The hack reported last week by Equifax will go down as one of the worst data breaches in history, and could prove to be the most damaging ever for American consumers, many security experts contend.
Anonymous criminals committed the crime, but cybersecurity experts told Scotsman Guide News that the blame for exposing sensitive information belonging to roughly half of the U.S. population lies with Equifax, which has a history of data breaches.
“I firmly believe they could have prevented this,” said Tim Crosby, a senior security consultant with Austin, Texas-based Spohn Consulting.
Equifax reported last Thursday that it discovered on July 29 that cybercriminals exploited “a U.S. website application vulnerability” to gain access. Equifax determined that as many as 143 million people were compromised.
The information included Social Security numbers, birth dates, addresses and, in some cases, drivers-license information. Also, the credit card numbers of 209,000 U.S. consumers were exposed. Information on consumers residing in the United Kingdom and Canada also was breached.
Equifax believes the attack occurred in mid-May and continued until it was discovered nearly two months later.
“This is a pretty scary thing,” Crosby said. “It is going to affect the other credit reporting agencies, who are going to have to be on their toes. We know somebody has the information. We don’t know how widely it has been distributed, or who got it yet.”
Equifax has been breached or admitted to mishandling sensitive consumer information five times since 2005, according to the website privacyrights.org. Most recently it was reported in May 2016 that hackers breached its W-2 Express Website, exposing tax and salary information on 431,000 Kroger employees.
In October 2010, Equifax agreed to pay a $1.6 million fine to settle a complaint with the Federal Trade Commission, after admitting to selling information on people who had been late in paying their mortgages. This affected 17,000 consumers. The company had two other smaller incidents in 2010 and 2006.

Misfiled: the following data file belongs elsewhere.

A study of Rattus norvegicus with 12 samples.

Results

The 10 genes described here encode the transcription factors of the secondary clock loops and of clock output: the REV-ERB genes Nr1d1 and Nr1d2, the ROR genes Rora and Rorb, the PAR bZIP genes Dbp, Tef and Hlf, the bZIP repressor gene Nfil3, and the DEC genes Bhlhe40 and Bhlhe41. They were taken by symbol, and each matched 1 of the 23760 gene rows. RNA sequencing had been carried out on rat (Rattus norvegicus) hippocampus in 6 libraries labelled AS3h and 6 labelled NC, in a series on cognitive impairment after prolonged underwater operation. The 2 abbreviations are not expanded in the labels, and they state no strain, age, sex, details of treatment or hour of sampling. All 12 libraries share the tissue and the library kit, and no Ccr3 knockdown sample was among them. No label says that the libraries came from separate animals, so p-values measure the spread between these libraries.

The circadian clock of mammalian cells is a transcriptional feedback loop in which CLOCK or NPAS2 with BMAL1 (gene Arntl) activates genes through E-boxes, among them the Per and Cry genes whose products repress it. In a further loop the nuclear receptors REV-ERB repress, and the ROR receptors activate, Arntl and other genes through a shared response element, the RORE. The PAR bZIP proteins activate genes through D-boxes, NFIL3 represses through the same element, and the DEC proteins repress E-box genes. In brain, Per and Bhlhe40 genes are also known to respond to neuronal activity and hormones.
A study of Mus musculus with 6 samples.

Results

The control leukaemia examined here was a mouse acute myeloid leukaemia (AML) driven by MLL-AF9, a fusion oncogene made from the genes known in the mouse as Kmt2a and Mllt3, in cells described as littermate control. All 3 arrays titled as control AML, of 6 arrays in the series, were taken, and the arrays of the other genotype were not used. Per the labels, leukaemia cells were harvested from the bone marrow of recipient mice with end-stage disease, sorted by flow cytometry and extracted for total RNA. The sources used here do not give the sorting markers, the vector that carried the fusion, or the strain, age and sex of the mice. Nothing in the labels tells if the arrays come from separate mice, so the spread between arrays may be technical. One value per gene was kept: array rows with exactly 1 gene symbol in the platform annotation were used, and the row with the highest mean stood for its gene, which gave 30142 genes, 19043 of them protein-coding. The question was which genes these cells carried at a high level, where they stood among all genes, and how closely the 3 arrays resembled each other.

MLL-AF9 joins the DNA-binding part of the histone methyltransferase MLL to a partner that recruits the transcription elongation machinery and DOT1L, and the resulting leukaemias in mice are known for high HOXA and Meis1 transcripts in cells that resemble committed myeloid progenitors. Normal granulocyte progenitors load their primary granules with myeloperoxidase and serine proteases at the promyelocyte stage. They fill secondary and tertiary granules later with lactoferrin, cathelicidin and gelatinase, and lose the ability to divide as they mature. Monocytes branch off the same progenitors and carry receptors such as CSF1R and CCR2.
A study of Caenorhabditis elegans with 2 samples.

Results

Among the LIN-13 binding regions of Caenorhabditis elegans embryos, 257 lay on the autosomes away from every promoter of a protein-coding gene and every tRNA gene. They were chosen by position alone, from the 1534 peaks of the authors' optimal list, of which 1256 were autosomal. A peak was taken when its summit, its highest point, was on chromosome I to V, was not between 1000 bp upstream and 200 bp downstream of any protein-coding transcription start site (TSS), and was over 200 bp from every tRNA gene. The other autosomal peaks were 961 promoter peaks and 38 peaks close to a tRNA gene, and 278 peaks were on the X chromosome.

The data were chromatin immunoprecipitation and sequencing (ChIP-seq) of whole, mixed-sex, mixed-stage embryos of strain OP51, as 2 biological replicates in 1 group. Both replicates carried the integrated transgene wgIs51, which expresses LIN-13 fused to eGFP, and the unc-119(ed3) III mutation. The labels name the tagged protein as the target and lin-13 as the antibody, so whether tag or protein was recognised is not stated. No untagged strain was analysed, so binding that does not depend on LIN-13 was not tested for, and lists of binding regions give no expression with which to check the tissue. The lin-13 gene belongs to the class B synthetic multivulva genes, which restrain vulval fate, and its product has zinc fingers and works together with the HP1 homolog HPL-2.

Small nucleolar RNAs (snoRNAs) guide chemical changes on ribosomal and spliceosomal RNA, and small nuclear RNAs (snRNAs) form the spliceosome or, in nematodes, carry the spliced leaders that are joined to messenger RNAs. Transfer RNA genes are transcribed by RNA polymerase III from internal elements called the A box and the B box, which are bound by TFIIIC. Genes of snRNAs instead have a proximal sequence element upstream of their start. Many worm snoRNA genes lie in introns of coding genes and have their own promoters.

“In my opinion, this is the super jackpot of cybersecurity compromise,” said Jeffrey Bernstein, the managing director of Critical Defence. Bernstein doubted that the hackers will ever be caught. They may have already sold the information on a shadowy “dark web,” a number of small private networks that can’t be accessed through traditional search engines. Equifax could face severe penalties, Bernstein said.
“This type of breach should never happen,” Bernstein added. “A company like Equifax has a very high-profile, high-threat environment that they operate in. They have a treasure trove of data, of our private data, and they need to protect it.”
Equifax officials were not immediately available for comment.
As of Monday, Equifax had provided no additional information on how cybercriminals accessed its database. Web applications can be any program accessed over a network connection. Typically, a person logs in with a user name and password. Facebook and LinkedIn are two well-known examples of web applications.
Hackers often develop attack tools to exploit vulnerabilities in these programs, engaging in a cat-and-mouse game. Companies, in turn, must constantly test their web applications for vulnerabilities and provide fixes.